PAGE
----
Well, it’s finally here. Our beautiful 18-year-old daughters are graduating from high school tomorrow. Two hours after the commencement is over, we will be hosting a party at our home for family and friends.
Linda is the ultimate party planner and goes well beyond normal expectations each time we host one. (The thought of her planning two weddings in the future is already scaring me! ) So, we have been preparing somewhat for the last few weeks but we kicked it into overdrive during the Memorial Day weekend. We’ve painted, cleaned, repaired, created, and purchased stuff to the point of near exhaustion. Time is in short supply and the pressure is on!
Therefore, we’re going to run a guest article today by Rick Reynolds about how our behaviors can put us at high risk for an affair. On Monday we will probably either have another guest post or rerun one of our posts from the past.
Needless to say, once this whole graduation thing is over we will require a vacation (or at least a few days of R&R). On the plus side, we won’t have to do any work around the house for many months to come!
Grooming Behaviors: Building a Safe Environment
by Rick Reynolds, LCSW
Years ago John, a client, entered my office requesting help for his dilemma: “Women are always coming on to me” he began “and my wife is really upset about it”. “What can I do?” Puzzled, I asked him to give me examples since I didn’t seem to be having the same problem and I assured him I was better looking than him. “Well, one woman came into my office today, kicked off her shoes, came behind my desk and began to give me a back rub.” “Really” I replied, give me another example. “Well at the little league game on Saturday, I was sitting in the stands bending over and I guess my underwear was showing and this woman come up and gave me a wedgie.” “Incredible” I responded, “I’ve been to a lot of little league games and I’ve never had that happen.” “By any chance did you happen to know any of these women?”
I’ve always been amazed at how naïve people tend to be when it comes to the birds and the bees. It’s as if they have no clue as to how things get started. Of course, John knew these women, but his blindness to his own behaviors continually put him at high risk for an affair. Upon further investigation, I discovered his secret; he was the master of complements. John, it seemed, had a photographic memory. Each day he would go around the office and complement the women on their dress. If they wore a new set of clothes, he noticed. If they changed anything about their hair, he made a comment. If they had a new set of ear rings, he took note. Even if they changed the color of their nail polish, he’d point it out. I suspect that for most of these women there had never been a man so attentive, especially their husbands. For that reason, John had a constant stream of women coming by his office checking to see if he would notice what was new.
Grooming behaviors are those behaviors we use to cause someone to be drawn to us. For men, that behavior is what I call “pimping tenderness.” It is a man’s way of pushing a woman’s buttons and drawing her attention his direction. All a man has to do is feign interest, to pay attention, pay complements, and the game is on. For women grooming behaviors may involve dress, or flirting. “What’s wrong with flirting?” some will ask. And for a single person, there is nothing wrong with the dance of courtship, but the committed man or woman is playing with fire. Even if in the beginning of a playful exchange there is honestly no interest in the other person, the emotions generated by an encounter may well lead to rouge desires that threaten to destroy the lives of many.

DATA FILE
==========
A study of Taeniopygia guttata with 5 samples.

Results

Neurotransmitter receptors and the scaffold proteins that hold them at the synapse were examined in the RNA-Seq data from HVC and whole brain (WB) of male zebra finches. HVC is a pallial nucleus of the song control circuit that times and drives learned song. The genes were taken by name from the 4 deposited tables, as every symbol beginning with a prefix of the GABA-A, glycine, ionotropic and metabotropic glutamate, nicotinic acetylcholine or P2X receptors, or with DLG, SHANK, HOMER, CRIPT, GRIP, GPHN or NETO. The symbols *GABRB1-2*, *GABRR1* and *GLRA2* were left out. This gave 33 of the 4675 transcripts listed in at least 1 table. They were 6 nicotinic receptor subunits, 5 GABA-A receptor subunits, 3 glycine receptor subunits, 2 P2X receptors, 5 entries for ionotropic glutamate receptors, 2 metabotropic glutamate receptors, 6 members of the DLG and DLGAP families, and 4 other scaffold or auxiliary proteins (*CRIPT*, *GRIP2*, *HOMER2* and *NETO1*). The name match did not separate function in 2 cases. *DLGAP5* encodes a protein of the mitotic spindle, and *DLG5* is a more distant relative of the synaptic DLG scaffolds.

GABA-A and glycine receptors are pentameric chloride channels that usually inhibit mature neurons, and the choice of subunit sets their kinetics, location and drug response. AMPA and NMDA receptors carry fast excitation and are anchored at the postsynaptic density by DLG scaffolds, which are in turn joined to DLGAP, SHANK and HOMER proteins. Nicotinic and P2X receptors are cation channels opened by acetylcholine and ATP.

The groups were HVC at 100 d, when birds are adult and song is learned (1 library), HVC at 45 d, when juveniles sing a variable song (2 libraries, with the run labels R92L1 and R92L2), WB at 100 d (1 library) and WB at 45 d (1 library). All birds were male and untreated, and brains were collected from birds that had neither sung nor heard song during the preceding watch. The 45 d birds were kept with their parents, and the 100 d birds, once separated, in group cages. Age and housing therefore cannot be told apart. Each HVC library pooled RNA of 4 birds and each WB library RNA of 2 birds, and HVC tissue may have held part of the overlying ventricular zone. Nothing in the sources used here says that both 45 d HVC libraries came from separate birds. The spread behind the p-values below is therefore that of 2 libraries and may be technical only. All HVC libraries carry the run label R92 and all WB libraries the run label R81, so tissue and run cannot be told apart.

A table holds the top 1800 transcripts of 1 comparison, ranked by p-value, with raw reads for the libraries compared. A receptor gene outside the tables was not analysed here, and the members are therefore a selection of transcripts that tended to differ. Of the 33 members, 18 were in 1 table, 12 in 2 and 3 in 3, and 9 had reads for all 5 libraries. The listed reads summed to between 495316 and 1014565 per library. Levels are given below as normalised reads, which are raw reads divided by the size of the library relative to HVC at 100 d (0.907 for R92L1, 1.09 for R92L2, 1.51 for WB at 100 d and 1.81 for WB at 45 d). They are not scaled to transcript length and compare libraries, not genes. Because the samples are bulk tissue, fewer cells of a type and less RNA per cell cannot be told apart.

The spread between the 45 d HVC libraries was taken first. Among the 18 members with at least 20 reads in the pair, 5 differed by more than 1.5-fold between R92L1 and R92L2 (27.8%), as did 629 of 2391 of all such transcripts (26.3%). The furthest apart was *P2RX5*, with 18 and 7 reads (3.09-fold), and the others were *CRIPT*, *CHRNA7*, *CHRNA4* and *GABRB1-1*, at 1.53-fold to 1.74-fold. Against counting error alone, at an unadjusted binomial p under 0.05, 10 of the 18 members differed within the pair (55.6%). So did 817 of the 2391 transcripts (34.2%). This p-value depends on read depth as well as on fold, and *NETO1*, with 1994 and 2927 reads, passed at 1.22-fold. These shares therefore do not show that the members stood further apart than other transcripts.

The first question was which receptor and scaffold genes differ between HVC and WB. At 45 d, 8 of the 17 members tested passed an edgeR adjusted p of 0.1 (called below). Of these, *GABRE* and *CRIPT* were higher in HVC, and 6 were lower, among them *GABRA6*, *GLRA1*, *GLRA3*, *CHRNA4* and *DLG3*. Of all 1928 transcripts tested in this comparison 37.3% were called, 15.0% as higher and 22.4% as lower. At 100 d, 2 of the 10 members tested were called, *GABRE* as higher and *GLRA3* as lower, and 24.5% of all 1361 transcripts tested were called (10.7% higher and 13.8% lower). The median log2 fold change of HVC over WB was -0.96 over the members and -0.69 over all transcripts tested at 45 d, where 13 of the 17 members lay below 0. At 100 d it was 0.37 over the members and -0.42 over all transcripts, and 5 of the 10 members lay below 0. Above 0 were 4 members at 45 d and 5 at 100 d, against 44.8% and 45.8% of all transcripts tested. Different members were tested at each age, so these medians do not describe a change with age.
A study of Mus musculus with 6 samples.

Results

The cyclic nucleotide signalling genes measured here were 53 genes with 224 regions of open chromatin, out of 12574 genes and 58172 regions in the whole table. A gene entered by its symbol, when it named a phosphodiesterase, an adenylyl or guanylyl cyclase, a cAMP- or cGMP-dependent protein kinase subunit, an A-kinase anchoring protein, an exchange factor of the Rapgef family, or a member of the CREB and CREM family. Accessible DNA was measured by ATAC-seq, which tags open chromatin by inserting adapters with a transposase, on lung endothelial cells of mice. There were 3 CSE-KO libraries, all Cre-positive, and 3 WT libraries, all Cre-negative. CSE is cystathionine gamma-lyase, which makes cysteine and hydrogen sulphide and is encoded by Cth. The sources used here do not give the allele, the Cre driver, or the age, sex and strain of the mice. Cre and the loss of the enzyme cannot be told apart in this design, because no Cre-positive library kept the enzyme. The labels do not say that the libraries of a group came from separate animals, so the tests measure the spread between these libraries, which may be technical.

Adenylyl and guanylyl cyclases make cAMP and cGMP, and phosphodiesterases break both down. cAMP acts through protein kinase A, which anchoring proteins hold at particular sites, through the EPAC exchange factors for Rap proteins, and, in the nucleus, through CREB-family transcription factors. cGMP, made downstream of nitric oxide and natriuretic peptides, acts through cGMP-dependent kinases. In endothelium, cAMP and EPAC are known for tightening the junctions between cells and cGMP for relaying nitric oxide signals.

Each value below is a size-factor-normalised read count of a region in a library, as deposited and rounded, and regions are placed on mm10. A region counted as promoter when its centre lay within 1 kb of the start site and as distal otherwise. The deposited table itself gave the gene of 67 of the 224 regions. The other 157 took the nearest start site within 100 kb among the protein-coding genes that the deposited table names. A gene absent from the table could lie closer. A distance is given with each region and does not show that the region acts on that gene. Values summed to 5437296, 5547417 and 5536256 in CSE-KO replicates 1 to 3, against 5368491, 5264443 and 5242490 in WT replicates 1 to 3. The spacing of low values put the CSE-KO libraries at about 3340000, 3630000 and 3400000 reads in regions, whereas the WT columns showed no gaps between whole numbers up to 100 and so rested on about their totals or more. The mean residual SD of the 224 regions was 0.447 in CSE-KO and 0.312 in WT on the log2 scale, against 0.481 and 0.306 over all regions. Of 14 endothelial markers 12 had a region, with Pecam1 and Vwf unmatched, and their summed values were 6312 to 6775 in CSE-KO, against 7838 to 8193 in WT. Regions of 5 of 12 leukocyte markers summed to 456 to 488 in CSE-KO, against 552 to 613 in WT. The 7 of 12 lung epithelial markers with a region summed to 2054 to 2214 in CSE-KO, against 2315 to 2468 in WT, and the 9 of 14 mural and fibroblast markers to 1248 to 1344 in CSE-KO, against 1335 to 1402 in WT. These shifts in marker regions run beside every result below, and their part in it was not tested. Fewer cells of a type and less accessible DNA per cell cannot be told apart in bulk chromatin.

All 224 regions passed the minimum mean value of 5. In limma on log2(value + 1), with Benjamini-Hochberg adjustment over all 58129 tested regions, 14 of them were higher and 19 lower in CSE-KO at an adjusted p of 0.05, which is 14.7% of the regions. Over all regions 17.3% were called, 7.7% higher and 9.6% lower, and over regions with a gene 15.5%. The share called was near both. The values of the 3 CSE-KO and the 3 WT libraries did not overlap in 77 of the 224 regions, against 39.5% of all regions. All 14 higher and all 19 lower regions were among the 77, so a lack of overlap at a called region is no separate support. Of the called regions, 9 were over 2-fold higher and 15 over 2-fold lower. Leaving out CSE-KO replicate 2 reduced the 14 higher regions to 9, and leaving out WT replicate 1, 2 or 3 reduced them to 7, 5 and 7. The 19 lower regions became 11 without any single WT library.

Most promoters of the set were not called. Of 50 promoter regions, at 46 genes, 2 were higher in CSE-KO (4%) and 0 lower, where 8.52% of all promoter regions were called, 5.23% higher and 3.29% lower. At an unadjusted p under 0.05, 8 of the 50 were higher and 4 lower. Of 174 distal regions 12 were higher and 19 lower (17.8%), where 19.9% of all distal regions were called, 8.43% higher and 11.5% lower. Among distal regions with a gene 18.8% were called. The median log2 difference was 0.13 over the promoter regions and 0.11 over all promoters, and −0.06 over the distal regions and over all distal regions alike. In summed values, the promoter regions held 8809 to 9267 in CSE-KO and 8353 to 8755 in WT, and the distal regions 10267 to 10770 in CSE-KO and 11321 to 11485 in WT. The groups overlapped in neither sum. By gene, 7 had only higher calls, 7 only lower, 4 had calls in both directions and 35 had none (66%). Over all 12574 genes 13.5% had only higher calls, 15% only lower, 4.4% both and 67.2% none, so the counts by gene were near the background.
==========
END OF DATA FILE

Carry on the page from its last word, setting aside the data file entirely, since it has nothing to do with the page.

Couples recovering from betrayal need a culture of safety in order for healing and re-engagement to begin. Creating that environment requires effort on the parts of both spouses. Examine how you interact with other people. You may be totally unaware of your high risk grooming behaviors. If you are unsure of whether you do any of these behaviors, then ask your mate, I’m sure he or she will gladly point out any behaviors that he or she perceive as risky.
Most of us tend to get defensive if our mates share what they see as our risky behaviors. That’s because we tend to judge ourselves by our intentions, but others judge us by our actions. While we may not have bad intentions as we interact with others, it doesn’t change the fact that on any given day the attention given with which another responds, if we find them attractive, may catch us by surprise and stir a rouge desire threatening to disrupt our life and those around us. At the very least, our risky behaviors will leave our mate feeling unsafe and uncared for. As one wife once told her husband after he had gawked at another woman, “I wish you would save some of those looks for me.”
Be willing to refuse to exercise some of your freedom for the sake of the relationship and out of respect for those around you. You may feel your mate needs to get over it and that this is just how you are and he/she needs to accept it, but maybe we need to grow in our capacity to love and learn to care about the feelings we may be creating in our mate and the emotions we may be inadvertently awakening in others. Just because it’s “the way you’ve always done things” or “the way you’ve always been,” doesn’t make it a safe and loving act. Continuing your behavior, even if your motives are innocent, can do more harm than your realize. Learn to protect your relationship.
For more on what the cheater should and shouldn’t do after an affair, check out our newest book, Healing from an Affair: A cheaters guide for helping your spouse heal from your affair.